As the extraordinary two-day plenary of the Nuclear Suppliers Group began in Vienna on Thursday to discuss membership applications, India’s chances received a boost from Mexico, considered a “non-proliferation hardliner” thus far.
“As a country we are going to be positively and constructively supporting India’s (membership at the NSG) in recognition of the commitment by PM Modi to the International agenda of disarmament and non proliferation of nuclear weapons,” Mexican President Enrique Peña Nieto said after a meeting between the two leaders.
Mr. Modi was in Mexico on the last leg of his five-nation tour, and his visits to both Mexico and Switzerland, which also announced its support, were aimed at garnering backing for entry to the NSG, given that both countries have held strong positions on non-proliferation in the past.
Meanwhile, highly placed sources told The Hindu that Italy, which had earlier blocked India’s entry over issue of the arrest of Marines accused of killing Indian fishermen, has indicated that it will support India’s case.
“It’s an ongoing process but most countries appear positive,” the sources said.
India’s biggest concern from the 48-nation group comes from China, which has argued that NSG members must be signatories to the non-proliferation treaty (NPT).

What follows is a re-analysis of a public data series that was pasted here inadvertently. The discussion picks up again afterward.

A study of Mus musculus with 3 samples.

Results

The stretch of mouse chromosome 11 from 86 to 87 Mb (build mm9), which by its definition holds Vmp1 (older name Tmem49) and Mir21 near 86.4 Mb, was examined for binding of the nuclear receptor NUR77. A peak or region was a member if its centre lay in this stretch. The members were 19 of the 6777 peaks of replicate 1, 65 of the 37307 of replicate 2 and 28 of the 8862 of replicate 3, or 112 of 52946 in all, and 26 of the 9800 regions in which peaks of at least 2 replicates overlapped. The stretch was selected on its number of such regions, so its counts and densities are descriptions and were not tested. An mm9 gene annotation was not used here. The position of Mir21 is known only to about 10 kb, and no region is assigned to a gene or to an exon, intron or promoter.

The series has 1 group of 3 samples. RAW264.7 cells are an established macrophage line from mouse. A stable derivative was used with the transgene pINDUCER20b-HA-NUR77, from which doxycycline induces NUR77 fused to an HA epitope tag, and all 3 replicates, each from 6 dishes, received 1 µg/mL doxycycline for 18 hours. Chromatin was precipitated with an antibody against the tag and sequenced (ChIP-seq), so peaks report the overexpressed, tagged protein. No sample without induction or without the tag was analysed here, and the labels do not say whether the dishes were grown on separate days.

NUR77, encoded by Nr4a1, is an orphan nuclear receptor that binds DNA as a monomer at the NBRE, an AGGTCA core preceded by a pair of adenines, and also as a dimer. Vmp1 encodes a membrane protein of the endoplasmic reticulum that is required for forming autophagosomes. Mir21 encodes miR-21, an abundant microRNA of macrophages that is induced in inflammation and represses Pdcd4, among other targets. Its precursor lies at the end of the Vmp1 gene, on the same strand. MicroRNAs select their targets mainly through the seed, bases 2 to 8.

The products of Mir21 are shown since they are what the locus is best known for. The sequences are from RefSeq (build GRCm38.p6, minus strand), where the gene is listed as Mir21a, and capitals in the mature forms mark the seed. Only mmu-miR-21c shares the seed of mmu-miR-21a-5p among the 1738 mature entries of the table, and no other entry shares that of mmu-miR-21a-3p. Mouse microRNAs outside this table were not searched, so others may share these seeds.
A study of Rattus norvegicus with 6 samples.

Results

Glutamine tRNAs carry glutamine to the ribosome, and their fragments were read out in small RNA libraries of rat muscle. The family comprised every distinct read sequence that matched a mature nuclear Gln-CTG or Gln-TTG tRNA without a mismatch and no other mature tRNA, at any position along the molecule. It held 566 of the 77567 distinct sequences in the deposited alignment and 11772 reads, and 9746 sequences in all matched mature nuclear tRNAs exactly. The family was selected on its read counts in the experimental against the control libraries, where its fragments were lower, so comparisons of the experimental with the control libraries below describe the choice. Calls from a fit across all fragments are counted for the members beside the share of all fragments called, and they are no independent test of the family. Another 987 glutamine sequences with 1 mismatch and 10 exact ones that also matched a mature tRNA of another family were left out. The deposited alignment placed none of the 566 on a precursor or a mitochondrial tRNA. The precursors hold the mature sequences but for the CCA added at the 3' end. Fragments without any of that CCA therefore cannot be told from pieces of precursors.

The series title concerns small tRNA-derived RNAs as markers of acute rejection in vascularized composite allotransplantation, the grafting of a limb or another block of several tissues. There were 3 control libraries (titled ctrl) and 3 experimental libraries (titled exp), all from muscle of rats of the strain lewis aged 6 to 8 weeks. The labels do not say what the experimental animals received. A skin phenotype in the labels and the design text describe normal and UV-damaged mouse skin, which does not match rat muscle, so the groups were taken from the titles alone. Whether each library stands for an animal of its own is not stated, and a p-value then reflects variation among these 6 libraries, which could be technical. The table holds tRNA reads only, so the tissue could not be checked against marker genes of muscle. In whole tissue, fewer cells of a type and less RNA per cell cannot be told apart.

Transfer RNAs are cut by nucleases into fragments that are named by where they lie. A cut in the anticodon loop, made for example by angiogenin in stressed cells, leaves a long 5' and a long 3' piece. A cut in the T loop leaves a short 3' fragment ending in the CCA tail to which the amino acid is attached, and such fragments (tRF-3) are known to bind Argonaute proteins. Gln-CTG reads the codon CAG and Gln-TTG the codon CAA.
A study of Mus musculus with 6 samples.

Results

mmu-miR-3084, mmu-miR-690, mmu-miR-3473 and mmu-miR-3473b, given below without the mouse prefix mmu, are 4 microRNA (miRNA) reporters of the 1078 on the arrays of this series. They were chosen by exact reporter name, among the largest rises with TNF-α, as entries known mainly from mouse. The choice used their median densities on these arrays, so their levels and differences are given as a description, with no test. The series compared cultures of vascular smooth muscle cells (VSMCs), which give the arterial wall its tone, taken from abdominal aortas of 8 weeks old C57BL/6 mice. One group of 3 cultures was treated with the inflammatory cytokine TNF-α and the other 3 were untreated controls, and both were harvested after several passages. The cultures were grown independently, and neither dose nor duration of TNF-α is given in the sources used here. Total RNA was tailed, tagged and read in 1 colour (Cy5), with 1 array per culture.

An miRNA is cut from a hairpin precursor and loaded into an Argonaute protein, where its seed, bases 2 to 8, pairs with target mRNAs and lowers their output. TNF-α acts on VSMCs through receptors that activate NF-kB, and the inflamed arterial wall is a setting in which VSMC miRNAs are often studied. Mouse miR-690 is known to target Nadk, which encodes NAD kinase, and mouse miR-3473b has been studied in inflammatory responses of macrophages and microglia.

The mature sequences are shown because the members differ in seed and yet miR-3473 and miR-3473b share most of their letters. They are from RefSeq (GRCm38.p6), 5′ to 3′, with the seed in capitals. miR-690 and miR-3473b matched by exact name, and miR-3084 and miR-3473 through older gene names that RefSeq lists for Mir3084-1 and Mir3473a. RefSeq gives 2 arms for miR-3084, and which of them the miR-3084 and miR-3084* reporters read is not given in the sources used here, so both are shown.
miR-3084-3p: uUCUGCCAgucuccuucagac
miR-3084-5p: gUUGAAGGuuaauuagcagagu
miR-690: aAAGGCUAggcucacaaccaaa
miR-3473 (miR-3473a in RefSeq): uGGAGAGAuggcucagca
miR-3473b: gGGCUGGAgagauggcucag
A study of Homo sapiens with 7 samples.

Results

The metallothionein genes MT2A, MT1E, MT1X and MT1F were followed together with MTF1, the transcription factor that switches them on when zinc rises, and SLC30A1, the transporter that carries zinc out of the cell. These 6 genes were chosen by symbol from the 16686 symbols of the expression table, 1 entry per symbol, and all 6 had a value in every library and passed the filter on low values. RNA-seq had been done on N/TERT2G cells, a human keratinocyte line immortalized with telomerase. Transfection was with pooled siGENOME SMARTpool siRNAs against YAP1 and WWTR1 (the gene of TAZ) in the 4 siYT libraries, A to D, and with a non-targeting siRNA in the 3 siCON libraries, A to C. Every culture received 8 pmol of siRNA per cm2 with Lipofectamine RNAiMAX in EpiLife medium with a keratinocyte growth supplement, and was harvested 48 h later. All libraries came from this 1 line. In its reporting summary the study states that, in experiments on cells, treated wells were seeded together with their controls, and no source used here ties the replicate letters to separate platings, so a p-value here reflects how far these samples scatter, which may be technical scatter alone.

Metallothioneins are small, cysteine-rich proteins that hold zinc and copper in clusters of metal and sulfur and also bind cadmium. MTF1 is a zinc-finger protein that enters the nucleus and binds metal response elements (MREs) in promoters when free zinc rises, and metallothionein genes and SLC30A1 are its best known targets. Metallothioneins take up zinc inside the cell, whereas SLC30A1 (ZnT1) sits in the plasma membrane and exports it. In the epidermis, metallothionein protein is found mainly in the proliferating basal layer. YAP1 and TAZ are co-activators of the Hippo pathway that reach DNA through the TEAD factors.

India, Pakistan, North Korea and Israel are among countries that have not signed the NPT, which India believes is discriminatory.
India expects ‘domino effect’ on support
Given China’s public opposition to India’s entry into the elite Nuclear Suppliers Group (NSG), India has been working on garnering support of other countries in the group to isolate China.
Ahead of the plenary session that began in Vienna on Thursday to consider membership application, an official in the know of the negotiations told The Hindu, “What we would hope for is a domino effect, where countries that support India influence the ones still holding out.” Statements during the meetings by countries like Sweden in support of India could also turn the tide in India’s favour.
Others still hesitant
Though NSG negotiations are held behind closed doors and a final decision is expected by consensus at the plenary session in Seoul on June 24 and 25, agency reports from Vienna say Austria, Ireland, New Zealand, South Africa and Austria are among countries still holding out on India. “China is the big block clearly, but there are a few ‘question marks’ that remain in the group too, who believe non-NPT members must not be admitted,” a diplomat said.
In particular, Pakistan’s application for membership, which will also be taken up, is expected to queer the pitch. According to a Reuters report, China was “hardening its position” on Pakistan being given the same consideration as India. But diplomats The Hindu spoke to said Pakistan’s poor record in nuclear proliferation and in not having brought its facilities under IAEA safeguards would make it an unlikely candidate for support.
In contrast, Pakistan, which had applied for membership a week after India did in May, said it was warning NSG members that India’s entry would disturb “strategic stability in South Asia”.